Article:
Restoring healthy China-U.S. relations can avert 'political tragedy', envoy says
Putting China-U.S. relations back on the track of healthy and stable development at an early date serves the fundamental interests of the two peoples and meets the expectations of the international community, a top Chinese envoy said in Washington on Tuesday.
Speaking at an online reception for the 73rd anniversary of the founding of the People's Republic of China, Chinese Ambassador to the United States Qin Gang cautioned that the U.S.' strategic misperceptions could lead the two countries into a "political tragedy", and cooperation is the only right way out.
"In the world today, the trends of turbulence and transformation are evolving, and deficits in development and security are looming large. China and the United States have huge common interests and common responsibilities, and cooperation is the only correct choice," the ambassador said.
He noted that regarding China as a threat and challenge, and defining China-U.S. relations as strategic competition are "serious" strategic mistakes and will only push the two nations into confrontation and conflict and the world into division and turmoil.
"It will be a political tragedy between major countries … (in which) no one is the winner," he said. The ambassador said China-U.S. relations are facing "severe challenges".
The relations, which plummeted to the lowest point in four decades during the administration of former U.S. president Donald Trump, hit another major snag in early August when U.S. House of Representatives Speaker Nancy Pelosi visited Taiwan, causing damage to the bilateral relations that analysts said would not be easily fixed.
Qin reiterated that the Taiwan question has bearing on China's sovereignty and territorial integrity, and that it concerns China's core interests, making it the most important and sensitive issue in China-U.S. relations.
He urged the U.S. to "unequivocally" oppose and stop "Taiwan independence", support the peaceful development of cross-Straits relations and China's peaceful reunification with real actions, and earnestly uphold the overall China-U.S. relations and peace and stability of the Taiwan Straits.
The three principles of mutual respect, peaceful coexistence and win-win cooperation put forward by Chinese President Xi Jinping are the correct way for China and the United States to get along, Qin said.
"It is hoped that the U.S. will work with China, strengthen dialogue, reduce misunderstandings, manage differences, expand cooperation, and bring China-U.S. relations back to the track of healthy and stable development at an early date," he said.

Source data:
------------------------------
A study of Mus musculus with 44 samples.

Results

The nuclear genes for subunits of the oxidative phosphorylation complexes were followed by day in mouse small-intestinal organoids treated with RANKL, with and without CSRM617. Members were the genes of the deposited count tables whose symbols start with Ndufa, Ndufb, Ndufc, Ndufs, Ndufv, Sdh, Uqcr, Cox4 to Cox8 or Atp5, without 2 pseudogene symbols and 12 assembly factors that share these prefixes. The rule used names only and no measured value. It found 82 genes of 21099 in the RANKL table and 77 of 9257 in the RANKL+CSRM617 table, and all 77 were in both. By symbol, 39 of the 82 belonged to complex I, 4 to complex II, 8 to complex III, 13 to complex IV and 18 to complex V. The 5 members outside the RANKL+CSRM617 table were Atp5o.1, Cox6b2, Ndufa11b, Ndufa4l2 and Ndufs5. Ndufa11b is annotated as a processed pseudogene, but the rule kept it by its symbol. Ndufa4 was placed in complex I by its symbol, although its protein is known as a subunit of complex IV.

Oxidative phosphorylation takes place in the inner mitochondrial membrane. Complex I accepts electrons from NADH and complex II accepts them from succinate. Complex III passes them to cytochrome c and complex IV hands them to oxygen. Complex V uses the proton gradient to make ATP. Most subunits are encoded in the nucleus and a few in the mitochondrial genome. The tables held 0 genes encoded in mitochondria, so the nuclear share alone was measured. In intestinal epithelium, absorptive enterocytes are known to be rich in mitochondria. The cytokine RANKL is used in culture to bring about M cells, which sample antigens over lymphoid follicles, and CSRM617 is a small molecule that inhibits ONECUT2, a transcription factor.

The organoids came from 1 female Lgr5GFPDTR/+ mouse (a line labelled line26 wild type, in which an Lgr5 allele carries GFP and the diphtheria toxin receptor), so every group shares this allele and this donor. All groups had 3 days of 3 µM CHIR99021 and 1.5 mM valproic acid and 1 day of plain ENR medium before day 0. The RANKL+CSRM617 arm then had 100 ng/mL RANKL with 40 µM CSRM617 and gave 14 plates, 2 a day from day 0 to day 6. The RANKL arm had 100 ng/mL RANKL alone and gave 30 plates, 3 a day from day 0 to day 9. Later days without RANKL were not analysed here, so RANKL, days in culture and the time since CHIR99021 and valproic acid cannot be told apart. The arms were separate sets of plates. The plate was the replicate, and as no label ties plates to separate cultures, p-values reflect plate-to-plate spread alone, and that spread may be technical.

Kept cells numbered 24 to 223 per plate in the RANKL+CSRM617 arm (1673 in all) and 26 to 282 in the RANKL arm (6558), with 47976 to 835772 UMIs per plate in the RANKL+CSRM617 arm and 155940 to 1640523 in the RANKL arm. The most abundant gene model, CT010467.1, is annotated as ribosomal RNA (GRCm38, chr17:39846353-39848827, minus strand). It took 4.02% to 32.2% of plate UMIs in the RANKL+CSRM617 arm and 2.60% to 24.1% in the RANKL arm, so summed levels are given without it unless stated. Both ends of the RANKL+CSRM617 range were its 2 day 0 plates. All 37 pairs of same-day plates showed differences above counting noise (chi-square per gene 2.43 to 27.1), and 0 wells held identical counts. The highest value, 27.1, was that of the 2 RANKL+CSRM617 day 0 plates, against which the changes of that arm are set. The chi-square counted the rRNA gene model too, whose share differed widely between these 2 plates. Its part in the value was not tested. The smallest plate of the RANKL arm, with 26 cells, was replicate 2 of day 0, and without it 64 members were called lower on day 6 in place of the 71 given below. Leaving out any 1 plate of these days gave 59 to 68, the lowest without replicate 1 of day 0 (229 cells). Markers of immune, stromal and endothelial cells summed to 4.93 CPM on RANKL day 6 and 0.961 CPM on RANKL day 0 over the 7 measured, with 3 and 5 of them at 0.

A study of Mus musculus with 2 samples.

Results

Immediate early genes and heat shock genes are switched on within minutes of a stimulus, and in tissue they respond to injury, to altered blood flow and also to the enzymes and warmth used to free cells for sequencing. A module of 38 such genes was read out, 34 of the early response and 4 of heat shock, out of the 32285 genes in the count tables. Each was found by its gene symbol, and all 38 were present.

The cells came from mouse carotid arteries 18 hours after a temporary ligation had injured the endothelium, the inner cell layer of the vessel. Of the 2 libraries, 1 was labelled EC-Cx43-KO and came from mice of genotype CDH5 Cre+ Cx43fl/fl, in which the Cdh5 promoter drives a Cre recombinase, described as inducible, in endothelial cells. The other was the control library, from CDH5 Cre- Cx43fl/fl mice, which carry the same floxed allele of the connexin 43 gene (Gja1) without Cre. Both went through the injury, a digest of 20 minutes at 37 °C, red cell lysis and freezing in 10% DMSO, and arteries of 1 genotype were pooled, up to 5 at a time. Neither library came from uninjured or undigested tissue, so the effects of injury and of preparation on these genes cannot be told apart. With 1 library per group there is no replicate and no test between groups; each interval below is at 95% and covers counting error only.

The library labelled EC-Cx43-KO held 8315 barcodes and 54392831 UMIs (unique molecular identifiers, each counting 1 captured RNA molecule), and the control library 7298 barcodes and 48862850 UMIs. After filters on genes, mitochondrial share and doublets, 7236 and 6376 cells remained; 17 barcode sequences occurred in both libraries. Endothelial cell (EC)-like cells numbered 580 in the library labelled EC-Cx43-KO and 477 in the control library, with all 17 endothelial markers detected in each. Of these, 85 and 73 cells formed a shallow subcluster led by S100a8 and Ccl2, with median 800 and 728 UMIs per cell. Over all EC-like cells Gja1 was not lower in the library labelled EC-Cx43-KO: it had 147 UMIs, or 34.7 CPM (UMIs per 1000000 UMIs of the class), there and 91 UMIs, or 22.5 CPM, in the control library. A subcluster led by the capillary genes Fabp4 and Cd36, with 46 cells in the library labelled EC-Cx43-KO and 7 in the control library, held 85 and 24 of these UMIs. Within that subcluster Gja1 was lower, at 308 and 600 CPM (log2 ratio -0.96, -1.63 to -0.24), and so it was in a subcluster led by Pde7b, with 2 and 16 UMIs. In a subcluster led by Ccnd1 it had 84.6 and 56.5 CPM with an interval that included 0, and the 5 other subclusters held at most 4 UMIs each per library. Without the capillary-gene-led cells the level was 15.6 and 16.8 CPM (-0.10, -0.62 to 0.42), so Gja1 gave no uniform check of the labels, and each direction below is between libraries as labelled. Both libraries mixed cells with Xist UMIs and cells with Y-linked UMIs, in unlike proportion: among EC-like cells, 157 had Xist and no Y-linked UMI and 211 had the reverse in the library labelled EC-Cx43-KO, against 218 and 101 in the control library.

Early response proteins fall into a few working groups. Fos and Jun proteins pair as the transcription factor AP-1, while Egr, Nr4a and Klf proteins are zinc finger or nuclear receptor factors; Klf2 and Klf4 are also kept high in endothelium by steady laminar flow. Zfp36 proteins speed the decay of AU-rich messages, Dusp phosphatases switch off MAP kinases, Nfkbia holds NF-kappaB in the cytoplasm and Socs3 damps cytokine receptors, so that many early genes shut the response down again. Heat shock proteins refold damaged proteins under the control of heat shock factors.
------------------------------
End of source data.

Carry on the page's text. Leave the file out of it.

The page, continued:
Such efforts serve the fundamental interests of the two peoples and also meet the general expectation of the international community, he said.
Craig Allen, president of the U.S.-China Business Council, said the USCBC, a nonpartisan, nongovernmental business association focused on supporting U.S. companies doing business in China, has for decades facilitated "positive engagement" between the business communities and stakeholders across both countries.
"The scale and the importance of the U.S.-China economic relationship cannot be understated, and it serves as the foundation for amicable relations between the world's two greatest economies," he said in a video speech.
Allen noted that U.S. companies continue to do well in China, with nearly 9 out of 10 members of the council reporting profitability in the market.
"As China has grown, American companies have grown alongside. The success of American companies is connected to China. And as China has succeeded, so has America," he said.
Stephen Orlins, president of the National Committee on U.S.-China Relations, said that as Chinese people are celebrating the 73rd anniversary of the founding of the People's Republic of China, "we also are celebrating the 50th anniversary of the Shanghai Communique and our organization, the National Committee on U.S.-China Relations, hosting the Chinese ping-pong team's visit to the United States."
The Shanghai Communique laid the political foundation for productive relations, and the exchange of young ping-pong players launched people-to-people exchanges, which have produced so much benefit for the Chinese and U.S. people, he said.
Speaking on behalf of the overseas Chinese in the U.S., Sue Zhang, daughter of General Zhang Zhizhong, who led troops in Shanghai battles in 1932 and 1937 during the War of Resistance against Japanese Aggression, noted that in recent years, China-U.S. relations have experienced setbacks and difficulties.
"We hope that China-U.S. relations can return back on track, and we have been making efforts and contributions to improving the relationship," she said.